5 Exercises to Add to Your Deadlift Training

1. Romanian Deadlifts

Romanian deadlifts are far and away my favorite supplemental exercise for deadlift training. It’s just one of those movements when you do it right, and you feel that burn deep in your hamstrings, you know you’re getting stronger.

The goal here is not compromising your back position to keep the focus on the hamstrings. This may mean your range of motion is drastically shorter than the yogi performing them next to you, but it doesn’t mean you’re doing them wrong or that you should compensate to match them.

As long as you’re feeling that slight tension through your hamstrings, then you’re doing them correctly. The RDL is a surefire way to add a few extra kilos to your deadlift in the not-to-distant future.

2. Single-Leg Deadlifts

Whoever said the only way to add weight to your deadlift was to lift heavy was a LIAR! Sometimes, taking a step back and reorganizing is the only way to move forward.

Enter the single-leg deadlift.

When performed with either a kettlebell or dumbbell, the single-leg deadlift is one of the best corrective exercises out there – plus, it’s always fun to watch people nearly topple over the first time they try it. It does a great job of firing up all those small, stabilizing muscles – as well as your trans abdominal muscles.

But more importantly, it allows the athlete to develop a strong sense of body awareness and proper hinging, both of which are essential when trying to deadlift safely.

3. Hip Thrusts

How come whenever I scroll through Instagram, bombarded by influencers trying to convince me they have the secret to a bigger booty, none of them are ever on the floor hip thrusting a Mack truck? You want a bigger booty – hip thrust. You want to add crazy weight to your deadlift – hip thrust.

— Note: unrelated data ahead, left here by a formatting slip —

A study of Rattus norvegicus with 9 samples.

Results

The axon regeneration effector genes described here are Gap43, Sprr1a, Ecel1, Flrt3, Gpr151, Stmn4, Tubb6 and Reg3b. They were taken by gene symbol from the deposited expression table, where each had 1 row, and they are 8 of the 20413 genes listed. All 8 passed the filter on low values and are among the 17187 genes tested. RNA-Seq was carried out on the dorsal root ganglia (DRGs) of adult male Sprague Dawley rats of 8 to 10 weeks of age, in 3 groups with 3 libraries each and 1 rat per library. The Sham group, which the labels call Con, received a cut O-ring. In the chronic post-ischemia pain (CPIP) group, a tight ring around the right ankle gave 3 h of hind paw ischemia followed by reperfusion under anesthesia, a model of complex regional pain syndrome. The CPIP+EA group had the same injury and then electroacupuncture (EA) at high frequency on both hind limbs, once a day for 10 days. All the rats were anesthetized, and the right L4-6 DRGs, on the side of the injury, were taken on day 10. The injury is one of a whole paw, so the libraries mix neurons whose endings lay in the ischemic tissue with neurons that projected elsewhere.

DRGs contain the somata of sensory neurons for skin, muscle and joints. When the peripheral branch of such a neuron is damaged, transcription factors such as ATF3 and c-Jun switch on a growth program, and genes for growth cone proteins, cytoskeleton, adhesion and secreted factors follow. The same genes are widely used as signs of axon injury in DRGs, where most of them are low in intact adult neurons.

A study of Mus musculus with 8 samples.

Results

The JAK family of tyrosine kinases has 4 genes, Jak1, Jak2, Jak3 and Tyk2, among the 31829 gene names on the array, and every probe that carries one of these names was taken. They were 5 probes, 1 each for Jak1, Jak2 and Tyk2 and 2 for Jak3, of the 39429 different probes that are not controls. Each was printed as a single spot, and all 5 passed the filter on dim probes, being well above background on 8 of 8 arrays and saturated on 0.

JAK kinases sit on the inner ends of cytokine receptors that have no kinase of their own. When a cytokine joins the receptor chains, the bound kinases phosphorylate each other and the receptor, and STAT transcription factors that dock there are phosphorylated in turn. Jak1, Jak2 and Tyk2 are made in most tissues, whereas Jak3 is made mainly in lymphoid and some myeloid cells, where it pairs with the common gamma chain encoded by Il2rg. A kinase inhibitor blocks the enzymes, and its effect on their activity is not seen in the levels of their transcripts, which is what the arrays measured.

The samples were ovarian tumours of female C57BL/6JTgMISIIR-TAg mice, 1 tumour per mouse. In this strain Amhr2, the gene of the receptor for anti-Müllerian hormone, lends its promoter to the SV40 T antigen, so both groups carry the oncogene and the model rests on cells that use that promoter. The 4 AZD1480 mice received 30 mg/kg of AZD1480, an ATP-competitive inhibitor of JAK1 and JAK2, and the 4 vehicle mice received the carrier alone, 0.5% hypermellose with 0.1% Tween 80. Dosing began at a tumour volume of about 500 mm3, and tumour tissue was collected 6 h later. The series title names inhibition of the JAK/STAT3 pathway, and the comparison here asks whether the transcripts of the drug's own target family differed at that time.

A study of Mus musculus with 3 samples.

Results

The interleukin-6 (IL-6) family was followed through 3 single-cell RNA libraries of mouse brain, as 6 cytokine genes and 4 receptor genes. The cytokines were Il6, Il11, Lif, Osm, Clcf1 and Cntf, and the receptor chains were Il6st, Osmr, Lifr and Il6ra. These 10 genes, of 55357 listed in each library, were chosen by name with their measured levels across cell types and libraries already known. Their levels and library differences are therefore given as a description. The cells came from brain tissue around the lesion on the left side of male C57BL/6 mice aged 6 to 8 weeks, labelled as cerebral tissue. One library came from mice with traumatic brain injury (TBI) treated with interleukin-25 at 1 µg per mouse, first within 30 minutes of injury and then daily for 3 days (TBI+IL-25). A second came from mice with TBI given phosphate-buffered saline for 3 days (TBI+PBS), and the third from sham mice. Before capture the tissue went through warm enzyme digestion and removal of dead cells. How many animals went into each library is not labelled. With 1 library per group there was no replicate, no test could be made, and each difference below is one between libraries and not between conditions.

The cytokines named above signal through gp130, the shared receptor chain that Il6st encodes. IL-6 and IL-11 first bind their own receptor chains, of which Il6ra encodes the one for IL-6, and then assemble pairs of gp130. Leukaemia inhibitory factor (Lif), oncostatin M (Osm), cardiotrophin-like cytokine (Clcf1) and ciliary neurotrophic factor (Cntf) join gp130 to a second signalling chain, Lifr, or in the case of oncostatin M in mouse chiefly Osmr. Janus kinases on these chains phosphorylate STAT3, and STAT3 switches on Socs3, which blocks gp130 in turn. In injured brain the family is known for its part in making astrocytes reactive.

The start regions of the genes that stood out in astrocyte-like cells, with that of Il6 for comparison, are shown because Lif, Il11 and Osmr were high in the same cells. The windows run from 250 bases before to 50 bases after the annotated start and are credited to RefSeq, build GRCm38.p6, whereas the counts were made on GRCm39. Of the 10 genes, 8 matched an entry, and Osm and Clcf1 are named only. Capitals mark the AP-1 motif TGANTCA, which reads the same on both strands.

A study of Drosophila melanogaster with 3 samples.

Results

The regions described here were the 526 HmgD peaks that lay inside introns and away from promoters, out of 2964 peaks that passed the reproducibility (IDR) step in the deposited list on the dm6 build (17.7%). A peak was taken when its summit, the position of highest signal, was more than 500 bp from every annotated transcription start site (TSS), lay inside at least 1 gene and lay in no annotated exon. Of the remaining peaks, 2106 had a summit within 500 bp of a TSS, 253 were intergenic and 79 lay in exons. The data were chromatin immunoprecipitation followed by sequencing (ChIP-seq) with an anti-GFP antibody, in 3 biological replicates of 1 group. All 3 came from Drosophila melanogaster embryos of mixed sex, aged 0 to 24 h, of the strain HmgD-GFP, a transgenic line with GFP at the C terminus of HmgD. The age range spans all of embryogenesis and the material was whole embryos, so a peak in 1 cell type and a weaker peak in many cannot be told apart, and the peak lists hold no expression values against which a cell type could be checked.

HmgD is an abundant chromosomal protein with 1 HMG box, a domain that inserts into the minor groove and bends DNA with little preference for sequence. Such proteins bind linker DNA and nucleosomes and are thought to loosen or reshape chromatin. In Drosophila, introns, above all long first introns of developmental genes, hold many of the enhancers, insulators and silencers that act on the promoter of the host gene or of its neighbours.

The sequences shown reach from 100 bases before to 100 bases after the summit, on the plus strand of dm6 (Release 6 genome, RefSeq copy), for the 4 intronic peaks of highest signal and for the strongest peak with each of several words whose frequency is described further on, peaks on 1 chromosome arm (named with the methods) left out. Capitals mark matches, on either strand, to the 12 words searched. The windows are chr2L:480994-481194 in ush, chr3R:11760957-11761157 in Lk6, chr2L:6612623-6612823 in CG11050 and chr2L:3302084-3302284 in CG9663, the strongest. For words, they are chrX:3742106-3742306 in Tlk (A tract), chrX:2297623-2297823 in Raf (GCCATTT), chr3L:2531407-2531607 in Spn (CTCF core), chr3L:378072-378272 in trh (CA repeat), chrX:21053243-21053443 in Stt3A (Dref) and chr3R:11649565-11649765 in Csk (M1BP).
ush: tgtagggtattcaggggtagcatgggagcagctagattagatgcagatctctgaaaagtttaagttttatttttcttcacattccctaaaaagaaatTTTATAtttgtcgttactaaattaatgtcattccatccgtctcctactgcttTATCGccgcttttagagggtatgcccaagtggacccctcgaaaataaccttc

I’m not sure there’s a better movement that specifically targets those cheeks like the hip thrust does. You’d be shocked how much weight you can move for high reps in the hip thrust, but that’s not its only benefit. Performed at bodyweight, or single-legged, the hip thrust (or glute bridge) is a great activation tool whether you’re deadlifting or squatting.

If you work a desk job, something that has you sitting the majority of the day, sometimes your glutes need a little more attention to wake up. The hip thrust can accomplish that and more!

4. Deficit/Elevated Pulls

This one is more athlete-centric. Where do you typically fail deadlifts? Is it just getting the bar off the floor or locking it out up top? For me personally, if the bar lifts even an inch off the ground, I’m finishing the rep. The lockout has never been a problem.

But for many other athletes, the opposite is true. That’s where the deficit, or elevated pull, comes in. Struggle with the initial pull from the ground? Try pulling from a deficit (i.e. by standing on plates). Struggle with the lockout? Try pulling from a platform (i.e. from a stack of plates or safeties in the rig).

Either variation allows you to hone in on the weakest part our your pull, oftentimes allowing you to overload the specific segment. Adding deficit or elevated pulls to your deadlift training will have you blasting through those sticking points in no time.

5. Glute-Ham Raises/Nordic Curls

Finally, the GHD. All around probably one of the best tools anyone can use, not only to boost their deadlift training, but also to keep their back strong and healthy.

Movements like the hip and back extension should be incorporated in everyone’s programming regardless of their goals. That being said, my favorite GHD-specific movement to complement your deadlift training has to be the glute-ham raise.

This surprisingly difficult movement is similar to the Romanian deadlift in that it utterly destroys your hamstrings. Strong hamstrings = a strong deadlift. This movement is undoubtedly one of the hardest exercises you can perform in the GHD. The best way to self-spot it is to hold a PVC pipe out in front of you and drive it into the ground to initially help yourself back up.

Don’t have a GHD? No problem. The Nordic curl is a great alternative and even easier to self-spot. You can use your arms to help yourself up like an explosive push and really challenge yourself to go slow during the lower, eccentric phase of the movement.

If you want to improve your deadlift training further, sign up for our free deadlift program, in partnership with 98 Gym.